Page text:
Pop/Country sensation Taylor Swift has drawn raves from marketers for her use of social media but recent moves by her legal team threaten to tarnish that reputation. I addressed both aspects of Swift’s communications efforts during this segment of episode 83 of the Beyond Social Media Show podcast:
The Bad: Taylor Swift’s Legal Team Goes After Ex-Guitar Teacher
First the bad.
On a 2009 promotional DVD, Taylor Swift tells a story of how she learned guitar. A repairman visiting to fix her computer noticed a guitar in the corner of her room, asked if she played and offered to teach her a few chords.
The actual story turns out to be a bit more complicated, thanks to Ronnie Cremer, the computer repairman who rather than teaching Swift “a few chords,” gave her lessons for about two years. Cremer’s story is told in an extensive and fascinating New York Daily News piece by Andy Martino.
The article is a case study in image-making and how musicians try to make a myth out of their story. So when someone comes along and tells a story that doesn’t adhere to your well-crafted myth, what do you do?
You let loose the lawyers, apparently.
A follow-up New York Daily News story details threats of legal action Cremer received from Swift’s attorneys after he purchased ITaughtTaylorSwift.com. Cremer is refusing to relinquish the domain, which currently redirects to the original New York Daily News story. And by looks of it, they may have prompted some belligerence by the guitar teacher:
This is not the only episode in which Swift has flexed her legal muscle. In this BuzzFeed article, Patrick Smith reports that fans selling Swift-themed products on Etsy have been threatened by Swift’s attorneys.
While keeping people from literally profiting from the use of her image and name is a reasonable defense of her earning power, is it worth the price of rankling fans and contradicting the image she’s so carefully cultivated of adoring her fans?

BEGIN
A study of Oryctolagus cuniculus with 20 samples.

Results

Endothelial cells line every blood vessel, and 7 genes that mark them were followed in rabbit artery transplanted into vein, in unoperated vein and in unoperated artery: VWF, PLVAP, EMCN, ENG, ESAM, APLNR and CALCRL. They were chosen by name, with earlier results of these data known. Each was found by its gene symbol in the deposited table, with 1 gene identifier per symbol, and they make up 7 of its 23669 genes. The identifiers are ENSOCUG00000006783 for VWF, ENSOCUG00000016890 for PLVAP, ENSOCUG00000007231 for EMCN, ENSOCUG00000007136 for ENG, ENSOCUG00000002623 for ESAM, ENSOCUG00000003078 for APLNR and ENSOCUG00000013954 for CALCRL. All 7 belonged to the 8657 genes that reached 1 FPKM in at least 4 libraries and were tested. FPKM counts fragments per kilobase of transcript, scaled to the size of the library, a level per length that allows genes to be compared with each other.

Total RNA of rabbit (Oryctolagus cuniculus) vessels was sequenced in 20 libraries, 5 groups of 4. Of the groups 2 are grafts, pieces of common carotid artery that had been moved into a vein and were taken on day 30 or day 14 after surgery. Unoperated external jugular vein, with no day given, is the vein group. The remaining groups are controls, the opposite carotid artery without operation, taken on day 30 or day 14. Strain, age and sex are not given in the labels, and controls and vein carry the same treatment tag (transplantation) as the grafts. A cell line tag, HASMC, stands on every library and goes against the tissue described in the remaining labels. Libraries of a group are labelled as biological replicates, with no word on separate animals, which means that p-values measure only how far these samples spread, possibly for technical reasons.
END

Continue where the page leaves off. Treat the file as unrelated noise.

The Good: Taylor Swift Connects Deeply With Her Fans
Taylor Swift’s Twitter feed is a constant stream of Swift-related news and retweets punctuated by occasional status updates by the singer:
It is on Swift’s Tumblr blog where you can see her devotion to her fans, where she routinely reblogs fan posts with her own comments. Her Tumblr features fan videos of them opening gifts sent to them from star, videos of fans serenading the star, and her own posts.
A Tumblr post purporting to be a girl named Becky who allegedly died from “snorting” marijuana went viral because the girl in the picture was actually a young Taylor Swift. When a commenter pointed that out, the response was “No, it’s Becky.”
Swift was subsequently photographed wearing a No It’s Becky t-shirt:
This is an example of very smart and subtle marketing. The singer grokked the culture of the medium and effectively used an inside joke comprehensible to just she and her fans. It’s a community-building tactic that creates a sense of “we” rather than the typical distance most celebrities convey.
It is, however, the real-world rewards Swift showers on her fans that wins the day. She has been know to leave gifts at the doorsteps of fans in cities she visits. Again, a BuzzFeed story by Ellie Woodward illustrates Swift’s practice of randomly delighting fans, in this instance by identifying one at The Grammys and inviting her to hang out backstage.